Foreign investors in Bangladesh’s stock market are selling shares en masse as the local currency’s depreciation against the US dollar coupled with various policy changes over the past few years has lowered their confidence in securing adequate returns.
Sell-offs by foreign investors reached a one-and-a-half year high in August after the Bangladesh Securities and Exchange Commission (BSEC) set a floor price on July 28 to end the freefall of major market indices amid global economic tension.
Foreign investors bought shares worth Tk 86 crore in August while their sales amounted to Tk 668 crore, according to data from Dhaka Stock Exchange (DSE).
As such, net foreign investment stood at Tk 582 crore in the negative that month.
The last time sell-offs by foreign investors had reached such a level was back in February 2021, when it totalled Tk 734 crore.
The DSE has not officially disclosed such data since 2019 due to a verbal order from the BSEC but The Daily Star was able to collect this information independently from a confidential source.
Following the massive sell-off last month, companies with good performance records, where most foreign investors park their funds, saw massive erosions in their share value.
“When apprehensions over the local currency’s depreciation rise, foreign investors sell shares…their profits could get eaten away by the devaluation,” explained Shah Md Ahsan Habib, a professor of the Bangladesh Institute of Bank Management.
“So, foreign investors started offloading their shares when the exchange rate was at Tk 82 to Tk 85 per US dollar amidst fears that the taka will fall further,” he added.
Habib went on to say that ensuring the exchange rate was market-driven and introducing more stocks with good performance records would help attract foreign investors.
Mohammed Rahmat Pasha, managing director of UCB Capital, said foreign investors want a clear picture of where the currency was going.
If the value goes up by 10 per cent, they can make a profit of that same percentage by simply encashing their shares, he said.
“So, they are selling shares and waiting until it (the exchange rate) becomes stable,” he told The Daily Star.
In addition, foreign investors are taking a wait-and-see approach amidst concerns about the country’s macroeconomic situation, he said.
“Hopefully though, they will invest again next year,” Pasha added.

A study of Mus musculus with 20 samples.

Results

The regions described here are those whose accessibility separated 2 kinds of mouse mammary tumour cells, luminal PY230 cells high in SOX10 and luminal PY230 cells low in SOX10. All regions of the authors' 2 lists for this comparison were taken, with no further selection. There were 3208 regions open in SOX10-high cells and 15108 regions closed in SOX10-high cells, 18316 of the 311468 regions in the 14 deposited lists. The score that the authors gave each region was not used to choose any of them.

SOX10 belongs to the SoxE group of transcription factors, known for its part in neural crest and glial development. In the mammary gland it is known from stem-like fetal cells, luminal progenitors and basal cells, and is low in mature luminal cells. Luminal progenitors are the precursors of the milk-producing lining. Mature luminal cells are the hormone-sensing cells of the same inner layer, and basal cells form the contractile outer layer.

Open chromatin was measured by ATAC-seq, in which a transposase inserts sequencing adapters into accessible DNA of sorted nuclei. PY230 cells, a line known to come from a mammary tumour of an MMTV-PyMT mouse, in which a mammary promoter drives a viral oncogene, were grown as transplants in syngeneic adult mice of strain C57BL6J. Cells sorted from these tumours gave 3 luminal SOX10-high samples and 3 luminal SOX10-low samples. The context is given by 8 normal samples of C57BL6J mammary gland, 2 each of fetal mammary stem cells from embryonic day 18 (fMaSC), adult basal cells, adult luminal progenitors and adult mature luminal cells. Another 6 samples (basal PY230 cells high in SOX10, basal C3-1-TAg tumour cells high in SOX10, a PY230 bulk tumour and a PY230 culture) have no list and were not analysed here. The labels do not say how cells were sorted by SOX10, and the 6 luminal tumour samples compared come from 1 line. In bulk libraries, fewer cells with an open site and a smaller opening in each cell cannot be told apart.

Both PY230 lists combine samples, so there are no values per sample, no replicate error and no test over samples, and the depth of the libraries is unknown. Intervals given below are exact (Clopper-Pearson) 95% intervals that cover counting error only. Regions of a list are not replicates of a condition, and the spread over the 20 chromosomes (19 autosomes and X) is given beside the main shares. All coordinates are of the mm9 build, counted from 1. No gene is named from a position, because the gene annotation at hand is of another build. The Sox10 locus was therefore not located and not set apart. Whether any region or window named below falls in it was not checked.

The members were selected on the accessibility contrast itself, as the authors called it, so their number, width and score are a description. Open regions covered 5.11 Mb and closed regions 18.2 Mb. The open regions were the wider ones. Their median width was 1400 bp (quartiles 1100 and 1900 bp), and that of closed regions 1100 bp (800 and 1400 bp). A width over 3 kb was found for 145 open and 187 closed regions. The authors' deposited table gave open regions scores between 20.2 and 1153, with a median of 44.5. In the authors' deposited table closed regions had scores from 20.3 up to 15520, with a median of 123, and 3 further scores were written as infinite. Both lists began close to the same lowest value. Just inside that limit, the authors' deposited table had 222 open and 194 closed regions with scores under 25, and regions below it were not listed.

Responding to a query, he said foreign investors do not like the idea of floor prices, particularly for blue-chip stocks, as it makes their risk management difficult.
Foreign investors bought shares worth Tk 57 crore while selling shares worth around Tk 197 crore in July, when net foreign investment was around Tk 139 crore in the negative, shows the DSE data.
A top official of another brokerage house that deals with foreign trade echoed Pasha, saying that foreign investors do not want to take risks amid foreign exchange instability because it poses the risk of erosion of their funds even if the value of the shares rise.
For instance, if foreign investors had made a profit of Tk 80 on their shares in 2019, they would have got $1. Now, investors will have to make profit of Tk 95 to earn the same dollar as the local currency has depreciated.
This trend involving the sale of shares by foreign investors is not new though, according to a merchant banker preferring anonymity.
This washing of hands of local stocks after sudden policy changes that affect investments took place several times over the past few years, he said.
Even roadshows abroad organised by the BSEC were ineffective in boosting the confidence of foreign investors in the last two years, he said.
More importantly, the activation of the floor price along with depreciation of the local currency prompted them to sell off shares, the merchant banker added.
Meanwhile, the telecom regulator’s move to declare Grameenphone as a Significant Market Power (SMP) operator in February 2019 played a big role in dampening the confidence of foreign investors, who own around 40 per cent of the company’s shares offloaded in the capital market.
Bangladesh Telecommunication Regulatory Commission (BTRC) had declared Grameenphone, the largest listed company in Bangladesh, an SMP operator in a bid to enhance market competition.
To this effect, the telecom regulator has already taken some decisions that will squeeze the business of the country’s leading mobile network provider.
Following the BTRC’s decision, foreign investment in domestic stocks started declining since March.
Brokers say foreign investors not only sold their stakes in Grameenphone but also other companies as they lacked confidence in the market.
This was not the first time that the regulators’ sudden moves against listed companies have hurt stocks.
In 2015, Bangladesh Energy Regulatory Commission cut the distribution charge for the Titas Gas Transmission and Distribution Company. As a result, the utility company lost more than Tk 3,000 crore in market value over a five-month period.
Besides, the market’s closure for around two months and imposition of floor prices at the beginning of the coronavirus pandemic spooked foreign investors and they subsequently began to embark on massive sell-offs.
Trading was closed from March 25 to May 31 last year after the government enforced a countrywide lockdown to curb the spread of Covid-19.
On March 19, 2020, the regulator imposed the floor price to protect stocks from freefalls, much to the dismay of investors overseas.